Mooncake Festival - Malaysia


This festival falls on the 8th moon, 15th day of the Chinese Lunar Calendar around the time of the Autumn Equinox. In the Western calendar, this festival normally falls between the 2nd week of September and the 2nd week of October.

The Mooncake Festival or Lantern Festival or Mid-Autumn Festival, call it what you will - is a celebration of unity. This festival is believed to have originated from the ancient ceremony of Sacrificing to the Moon Goddess for the year's end harvest. This is when families return to celebrate and give thanks for the year's bounty. Offerings of their harvest such as apples, pears, peaches, grapes, pomegranates, melons, oranges and pomelos were common. Other offerings cooked, baked etc included moon cakes, cooked taro, and water caltrope, a type of water chestnut resembling black buffalo horns. And of course, 'tang yuen' made from glutinous rice. 'Yuen' means 'round' which symbolize "completeness" as in "yuen man" of the cycle. Thus, it means unity and harmony within the family.

The Mid-Autumn Festival is a traditional festivity for both the Han and minority nationalities. The custom of worshipping the moon can be traced back as far as the Xia and Shang Dynasties (2000B.C.-1066B.C.). In the Zhou Dynasty(1066B.C.-221B.C.), villagers held ceremonies in preparation for the arrival of winter and to celebrate the beauty of the new moon. In the later dynasties, mooncakes were baked and sent to relatives as gifts of family reunion.Traditionally, thirteen moon cakes were stacked into a pyramid to symbolise the thirteen moons of a "complete year," that is, twelve moons plus one intercalary moon.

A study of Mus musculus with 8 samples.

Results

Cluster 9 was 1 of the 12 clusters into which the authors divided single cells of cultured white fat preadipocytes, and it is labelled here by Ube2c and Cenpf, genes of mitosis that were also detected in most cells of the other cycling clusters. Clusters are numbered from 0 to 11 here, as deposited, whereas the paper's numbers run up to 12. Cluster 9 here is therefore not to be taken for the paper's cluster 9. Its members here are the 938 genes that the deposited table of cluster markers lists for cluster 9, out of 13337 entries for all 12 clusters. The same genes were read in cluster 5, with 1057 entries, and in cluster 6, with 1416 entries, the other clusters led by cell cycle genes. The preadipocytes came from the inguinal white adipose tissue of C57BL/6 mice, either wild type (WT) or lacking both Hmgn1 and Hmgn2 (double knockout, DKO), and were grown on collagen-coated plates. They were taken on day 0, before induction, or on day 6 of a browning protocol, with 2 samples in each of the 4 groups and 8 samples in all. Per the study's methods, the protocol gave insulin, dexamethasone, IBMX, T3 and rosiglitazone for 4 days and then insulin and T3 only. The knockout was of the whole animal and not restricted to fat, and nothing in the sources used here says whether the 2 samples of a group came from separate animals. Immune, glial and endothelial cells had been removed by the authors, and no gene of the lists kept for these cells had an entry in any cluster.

Today, the Mooncake festival to many signifies not much really ...perhaps a chance to savour these extremely sweet cakes and to send them to relatives,families, bosses, customers, friends etc as gifts of unity. Shame that we no longer understand the core of these festivals... getting lost in translation most times and other times it's no longer a belief and then tradition ends. And like durians... mooncakes can be bought all year round now..

The Mooncake Story

During the Yuan dynasty (A.D. 1280-1368) China was ruled by the Mongolians. Rebel leaders unhappy with the overlords, plotted to overthrow the government. As the Mid-Autumn Festival drew near, the rebels ordered cakes baked and distributed to the villages. Messages of the outline of the attack were baked into the cakes.

On the night of the Festival, the rebels with the help of local villagers, successfully overthrew the government and later established the Ming dynasty (1368-1644 A.D.). Hence from then on, the Mooncake Festival is celebrated on a large scale.